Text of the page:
June 2004



by Ellyn Ritterskamp,

It’s Too Bad We Need This Device

I read an article in a recent Scientific American, about this gadget you can buy that secures your laptop with a fingerprint rather than a password. It’s called the U.are.U 4000. Somebody can still steal the unit, but they won’t be able to use it. Well, a few forensic government types could, or I guess someone who could figure out a hack on the software that encodes the fingerprints. But realistically, if you had this thing on your laptop, no one you know would be able to use it for anything but a doorstop. The buzz phrase is “fingerprint recognition technology.”

At first I thought that was really cool. They explained how sophisticated the devices are, and that they’re really affordable too—I think the cheapest one was around $100. Maybe we can review one for a future issue. The writer’s friend was determined to fake out the device, and he copied his friend’s fingerprint with a piece of transparent tape. It still didn’t fool the device. I can’t remember the error rate the developers strove for, but from that little demonstration they certainly seem to have worked the kinks.

The devices are also equipped to recognize several fingerprints per unit, so you could have your laptop “keyed” to be used by several people. Each would only have access to whatever the administrator set up for them, so you could limit children to certain applications or whatever. Just like we do with many home computers. Well, and work computers, too; plenty of those have limited access. But they don’t yet have fingerprint recognition technology all over the place, do they? It must not be too far away. If it’s this cheap for home users, imagine what an office could do, buying several licenses at a discount.

I’m impressed by what we can do. I’m depressed by our need to do it.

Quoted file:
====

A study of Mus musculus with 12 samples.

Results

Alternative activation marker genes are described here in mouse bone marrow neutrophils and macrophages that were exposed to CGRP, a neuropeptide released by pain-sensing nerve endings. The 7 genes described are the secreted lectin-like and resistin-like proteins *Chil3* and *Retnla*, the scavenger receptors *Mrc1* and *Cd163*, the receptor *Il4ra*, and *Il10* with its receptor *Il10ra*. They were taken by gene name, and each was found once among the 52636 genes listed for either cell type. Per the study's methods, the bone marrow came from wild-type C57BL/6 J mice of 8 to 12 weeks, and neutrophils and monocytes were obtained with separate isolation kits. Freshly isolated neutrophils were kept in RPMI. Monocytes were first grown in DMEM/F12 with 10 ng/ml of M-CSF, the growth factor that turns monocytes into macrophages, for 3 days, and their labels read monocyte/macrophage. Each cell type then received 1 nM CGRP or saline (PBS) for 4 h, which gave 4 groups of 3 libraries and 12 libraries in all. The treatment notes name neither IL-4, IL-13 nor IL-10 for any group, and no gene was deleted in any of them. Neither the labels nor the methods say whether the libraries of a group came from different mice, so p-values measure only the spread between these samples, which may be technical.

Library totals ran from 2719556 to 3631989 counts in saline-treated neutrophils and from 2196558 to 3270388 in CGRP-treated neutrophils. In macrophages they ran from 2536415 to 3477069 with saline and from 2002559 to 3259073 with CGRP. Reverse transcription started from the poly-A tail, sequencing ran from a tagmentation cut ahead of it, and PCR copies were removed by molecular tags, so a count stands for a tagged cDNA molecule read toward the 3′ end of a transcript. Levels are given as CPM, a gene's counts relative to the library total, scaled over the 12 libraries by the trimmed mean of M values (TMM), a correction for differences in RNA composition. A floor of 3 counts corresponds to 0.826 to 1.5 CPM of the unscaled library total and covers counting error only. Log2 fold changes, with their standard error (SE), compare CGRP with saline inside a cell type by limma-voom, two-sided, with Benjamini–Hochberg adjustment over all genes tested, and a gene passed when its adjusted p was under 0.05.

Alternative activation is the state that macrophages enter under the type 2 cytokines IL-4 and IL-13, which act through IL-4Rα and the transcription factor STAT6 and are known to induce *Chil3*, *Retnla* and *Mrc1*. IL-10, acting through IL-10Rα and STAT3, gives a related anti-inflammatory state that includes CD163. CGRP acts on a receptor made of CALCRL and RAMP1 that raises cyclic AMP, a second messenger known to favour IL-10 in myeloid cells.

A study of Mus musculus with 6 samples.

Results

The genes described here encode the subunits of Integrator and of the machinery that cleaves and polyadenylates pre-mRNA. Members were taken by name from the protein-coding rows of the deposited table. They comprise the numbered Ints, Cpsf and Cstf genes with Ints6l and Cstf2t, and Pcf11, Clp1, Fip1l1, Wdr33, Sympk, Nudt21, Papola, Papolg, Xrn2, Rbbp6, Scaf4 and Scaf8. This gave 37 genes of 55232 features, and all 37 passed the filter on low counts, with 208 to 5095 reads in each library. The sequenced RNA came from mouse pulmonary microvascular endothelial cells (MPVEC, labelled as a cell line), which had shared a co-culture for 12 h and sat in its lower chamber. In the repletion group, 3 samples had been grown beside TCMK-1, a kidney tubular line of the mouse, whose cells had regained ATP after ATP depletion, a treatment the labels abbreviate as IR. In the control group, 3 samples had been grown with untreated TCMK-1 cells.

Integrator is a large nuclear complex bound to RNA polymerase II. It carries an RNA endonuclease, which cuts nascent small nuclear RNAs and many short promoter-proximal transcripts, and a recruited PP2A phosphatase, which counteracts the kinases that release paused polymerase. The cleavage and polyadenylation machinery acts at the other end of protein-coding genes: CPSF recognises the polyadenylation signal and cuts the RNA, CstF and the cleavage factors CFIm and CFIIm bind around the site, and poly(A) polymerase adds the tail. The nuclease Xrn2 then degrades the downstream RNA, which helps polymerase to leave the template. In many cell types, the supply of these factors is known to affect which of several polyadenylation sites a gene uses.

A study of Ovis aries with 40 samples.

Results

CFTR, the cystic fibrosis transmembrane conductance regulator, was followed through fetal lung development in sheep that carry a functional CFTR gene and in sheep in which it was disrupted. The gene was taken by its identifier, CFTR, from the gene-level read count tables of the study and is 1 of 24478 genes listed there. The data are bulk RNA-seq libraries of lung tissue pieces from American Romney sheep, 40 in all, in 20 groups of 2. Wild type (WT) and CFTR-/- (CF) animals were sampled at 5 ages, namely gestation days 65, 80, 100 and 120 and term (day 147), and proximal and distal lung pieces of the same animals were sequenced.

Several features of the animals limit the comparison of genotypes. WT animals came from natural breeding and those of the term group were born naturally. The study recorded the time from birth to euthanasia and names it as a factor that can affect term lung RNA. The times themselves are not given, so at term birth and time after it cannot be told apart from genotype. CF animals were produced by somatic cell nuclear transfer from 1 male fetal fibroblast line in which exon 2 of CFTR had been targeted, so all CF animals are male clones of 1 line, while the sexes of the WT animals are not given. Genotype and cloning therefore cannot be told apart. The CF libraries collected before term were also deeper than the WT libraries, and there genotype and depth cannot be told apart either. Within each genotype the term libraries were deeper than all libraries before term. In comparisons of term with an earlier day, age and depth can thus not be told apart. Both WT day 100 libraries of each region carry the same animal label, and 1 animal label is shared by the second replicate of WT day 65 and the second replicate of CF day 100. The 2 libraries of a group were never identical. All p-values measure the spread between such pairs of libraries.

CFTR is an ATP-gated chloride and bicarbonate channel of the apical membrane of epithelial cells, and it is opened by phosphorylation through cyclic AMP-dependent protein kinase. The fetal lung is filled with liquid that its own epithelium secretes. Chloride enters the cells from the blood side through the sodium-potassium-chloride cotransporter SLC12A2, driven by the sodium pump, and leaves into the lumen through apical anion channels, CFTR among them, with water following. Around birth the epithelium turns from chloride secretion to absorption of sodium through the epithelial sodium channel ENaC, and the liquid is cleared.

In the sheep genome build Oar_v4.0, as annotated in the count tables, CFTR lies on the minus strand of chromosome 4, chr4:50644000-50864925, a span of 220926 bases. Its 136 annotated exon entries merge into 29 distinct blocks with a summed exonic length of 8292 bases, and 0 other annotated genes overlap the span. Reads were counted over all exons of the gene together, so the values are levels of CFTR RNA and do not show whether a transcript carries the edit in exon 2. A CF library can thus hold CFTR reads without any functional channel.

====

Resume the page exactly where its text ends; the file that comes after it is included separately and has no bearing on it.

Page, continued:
I like that in the not too distant future, I could leave a laptop on the table at the coffee shop when I go for a refill, knowing that no one will steal it because they know most units are keyed to their users by fingerprint. What I don’t like is knowing that human nature is such that I must protect myself from it, by keying my laptop to a fingerprint so no one will steal it. Already I’m turned off from taking a laptop to the coffee shop a few years from now, and I don’t even have one yet.

It is just one more example of how technology is an extension of human nature, rather than independent of it. If human nature were not sometimes selfish, we could do without locks and keys and fingerprint recognition. We would only need doors to keep something in rather than out. Like our kitties. It would only be a matter of time before someone would come up with a pawprint recognition system to let the cat decide when it wants to go in or out. Now that would be technology I know plenty of people would support!

But see, even then, we would have changed the fundamental relationship between cat and human. The cat knows the human exists to open the door. It doesn’t matter which side the cat is on, it wants to be on the other side. That’s what the humans are for, to open those doors. If we make it so the cat can open the door anytime it wants, we lose something important about the subservient relationship between cat and its human. So even though the cat would like the power of the pawprint, it prefers the power over the people. Maybe we should leave it alone. It’s worked for centuries.


John Morgan · June 3, 2004 - 08:41 EST #1
I agree that it's sad we have to have this kind of technology. So many people are living in poverty in this country. Perhaps the Big Brother technologies give us an insight into what we are doing to our fellow man and the vast division between those who have, and those who have not.